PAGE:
The big four Australian Banks finally reduced their interest rates by 0.25%, to meet the interest rate cut in full, as set by the Reserve Bank of Australia. So, what does this mean for you?

Most people sit in one of two camps.

Camp 1 – Mortgage Holders

If you are in this camp and have a variable mortgage, you are in a position to make some saving. In the table below it highlights the difference per month for various amounts. For a more accurate picture, you can review the Mortgage Calculator.

Yearly and Monthly Savings from the 0.25% Interest Rate Cut

Your Mortgage

Rate Cut

Yearly Saving

Monthly Saving





















While the amounts do not seem significant, these are ‘tax free’ savings that go straight to you. Secondly, over time these savings can make a significant difference to your loan. Again, the Mortgage Calculator will highlight just how much.

What should you do with the savings?

The RBA did issue a warning when they announced the interest rate cut. The warning can be summarised as  –  ‘The outlook for global economic growth is not good and Australia will not be totally shielded from any negativity’. A couple of days later, Australia’s latest employment figures were released with 40,000 job losses being highlighted. So, the warning signs have been issued that the road ahead could be difficult. With this in mind your considerations should include:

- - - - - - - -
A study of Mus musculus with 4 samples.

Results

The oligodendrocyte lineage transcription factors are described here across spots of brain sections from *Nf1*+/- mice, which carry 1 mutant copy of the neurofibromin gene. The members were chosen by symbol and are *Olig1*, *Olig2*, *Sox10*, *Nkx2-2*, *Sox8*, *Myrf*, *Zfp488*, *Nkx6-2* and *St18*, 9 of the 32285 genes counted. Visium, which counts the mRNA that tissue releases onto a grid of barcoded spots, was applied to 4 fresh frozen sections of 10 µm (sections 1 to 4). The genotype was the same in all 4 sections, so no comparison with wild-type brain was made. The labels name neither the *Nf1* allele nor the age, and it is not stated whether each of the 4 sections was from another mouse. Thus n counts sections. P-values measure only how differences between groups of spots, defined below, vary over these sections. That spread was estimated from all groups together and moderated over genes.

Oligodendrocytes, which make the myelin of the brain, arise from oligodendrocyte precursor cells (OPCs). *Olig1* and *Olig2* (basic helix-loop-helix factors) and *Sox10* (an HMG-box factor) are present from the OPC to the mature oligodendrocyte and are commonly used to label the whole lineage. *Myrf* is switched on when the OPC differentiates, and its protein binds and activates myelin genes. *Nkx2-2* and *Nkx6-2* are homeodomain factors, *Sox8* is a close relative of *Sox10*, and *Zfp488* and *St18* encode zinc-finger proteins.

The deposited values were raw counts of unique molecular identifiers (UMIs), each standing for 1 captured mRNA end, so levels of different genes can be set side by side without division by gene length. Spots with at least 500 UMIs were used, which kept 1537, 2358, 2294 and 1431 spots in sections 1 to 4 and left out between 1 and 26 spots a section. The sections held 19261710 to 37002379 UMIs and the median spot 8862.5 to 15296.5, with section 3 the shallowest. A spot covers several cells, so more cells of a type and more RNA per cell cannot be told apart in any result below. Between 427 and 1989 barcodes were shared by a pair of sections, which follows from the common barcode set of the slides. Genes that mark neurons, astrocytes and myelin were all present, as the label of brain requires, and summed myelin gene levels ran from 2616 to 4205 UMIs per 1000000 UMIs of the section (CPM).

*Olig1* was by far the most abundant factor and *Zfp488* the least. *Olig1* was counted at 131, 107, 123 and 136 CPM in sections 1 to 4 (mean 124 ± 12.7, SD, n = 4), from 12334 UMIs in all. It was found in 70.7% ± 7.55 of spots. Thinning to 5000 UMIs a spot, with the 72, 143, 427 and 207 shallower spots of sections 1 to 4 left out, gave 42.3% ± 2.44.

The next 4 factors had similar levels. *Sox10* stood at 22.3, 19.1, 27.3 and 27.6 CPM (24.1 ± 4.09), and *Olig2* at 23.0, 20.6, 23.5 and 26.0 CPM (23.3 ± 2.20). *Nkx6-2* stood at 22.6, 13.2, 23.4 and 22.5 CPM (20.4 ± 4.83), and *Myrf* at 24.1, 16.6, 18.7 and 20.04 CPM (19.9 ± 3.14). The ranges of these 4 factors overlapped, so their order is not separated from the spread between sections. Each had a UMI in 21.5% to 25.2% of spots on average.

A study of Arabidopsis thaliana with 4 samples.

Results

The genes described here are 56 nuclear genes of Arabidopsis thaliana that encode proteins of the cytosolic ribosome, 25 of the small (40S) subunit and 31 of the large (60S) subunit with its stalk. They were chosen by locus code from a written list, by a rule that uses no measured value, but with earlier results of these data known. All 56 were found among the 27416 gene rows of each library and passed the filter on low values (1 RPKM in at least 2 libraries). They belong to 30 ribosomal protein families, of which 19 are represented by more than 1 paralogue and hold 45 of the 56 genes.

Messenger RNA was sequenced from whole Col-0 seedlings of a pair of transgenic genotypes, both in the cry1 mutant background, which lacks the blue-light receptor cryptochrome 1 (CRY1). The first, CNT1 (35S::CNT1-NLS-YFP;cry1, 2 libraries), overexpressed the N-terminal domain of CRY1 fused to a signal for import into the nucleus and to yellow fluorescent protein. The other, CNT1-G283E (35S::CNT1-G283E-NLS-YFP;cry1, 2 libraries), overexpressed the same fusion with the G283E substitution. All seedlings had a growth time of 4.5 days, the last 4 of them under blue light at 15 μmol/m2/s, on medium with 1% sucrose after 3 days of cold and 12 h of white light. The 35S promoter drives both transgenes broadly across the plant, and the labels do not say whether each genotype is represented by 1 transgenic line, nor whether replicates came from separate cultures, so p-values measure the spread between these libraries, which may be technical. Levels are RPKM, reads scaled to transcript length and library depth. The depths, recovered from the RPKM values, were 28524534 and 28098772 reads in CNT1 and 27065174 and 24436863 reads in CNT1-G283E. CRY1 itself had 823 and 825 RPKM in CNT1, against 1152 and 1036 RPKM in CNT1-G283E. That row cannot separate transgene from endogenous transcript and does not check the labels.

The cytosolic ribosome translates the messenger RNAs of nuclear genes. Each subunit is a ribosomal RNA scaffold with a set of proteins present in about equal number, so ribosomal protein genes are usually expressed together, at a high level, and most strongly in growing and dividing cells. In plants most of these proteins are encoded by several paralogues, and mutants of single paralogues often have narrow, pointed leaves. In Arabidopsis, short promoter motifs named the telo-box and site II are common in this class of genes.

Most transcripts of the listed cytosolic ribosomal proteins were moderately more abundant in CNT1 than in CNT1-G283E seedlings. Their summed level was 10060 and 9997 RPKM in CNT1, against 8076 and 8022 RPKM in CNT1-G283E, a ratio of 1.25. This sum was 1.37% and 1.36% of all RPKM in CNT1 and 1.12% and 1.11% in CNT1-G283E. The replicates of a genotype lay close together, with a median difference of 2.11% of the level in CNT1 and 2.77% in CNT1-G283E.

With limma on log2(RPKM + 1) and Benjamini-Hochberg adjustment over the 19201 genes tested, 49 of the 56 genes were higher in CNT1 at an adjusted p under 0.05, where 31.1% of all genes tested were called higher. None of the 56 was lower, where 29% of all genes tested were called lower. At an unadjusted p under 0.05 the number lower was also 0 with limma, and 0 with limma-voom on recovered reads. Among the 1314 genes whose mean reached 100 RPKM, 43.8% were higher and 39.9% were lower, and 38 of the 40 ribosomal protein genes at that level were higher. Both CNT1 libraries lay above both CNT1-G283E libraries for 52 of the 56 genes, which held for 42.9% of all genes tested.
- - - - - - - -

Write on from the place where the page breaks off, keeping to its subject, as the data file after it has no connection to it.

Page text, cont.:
• Maintain your current repayments – This will help you repay the mortgage more quickly
  • Place savings into a separate account  – To build an emergency fund
  • If you have a flexible mortgage with an off-set account – Save in the offset account as this provides the equivalent to paying off your mortgage while giving you access to the saving
  • Shop around – There are still a different interest rates on offer, so shop around for the best deal and find a benefit greater than 0.25%.

In summary, if you can afford to save the benefit of the interest rate cut – do so.

If you have a fixed interest mortgage, there are limited options. You can have a chat with your mortgage broker/bank manager and discuss the flexibility of the loan that you have. You can also shop your mortgage around with different financial institutions. The fixed mortgage provides benefits when interest rates go up, but when rates come down, they do work a bit against you.

Camp 2 – Bank Deposit Owners

If you are in this camp you have just lost more interest which means less income. This can make it difficult if you are relying upon this income to pay the the bills. The loss in interest is the equivalent to the savings for the people in the mortgage camp (see table above ). Some options to consider:

  • Seek to save a few dollars here and there – Don’t forget, a dollar saved is a dollar earned.
  • If you are receiving Centrelink benefits –  Re-assess your position. Best done at the Centrelink office or with your financial adviser
  • Consider alternatives for some of your deposits –  Talk to a financial adviser
  • If you can’t beat them, join them! – The dividends being paid to bank shareholders is now greater than the interest earned on bank deposits. You carry extra investment risk as a shareholder and that should be considered before buying shares in any of the banks.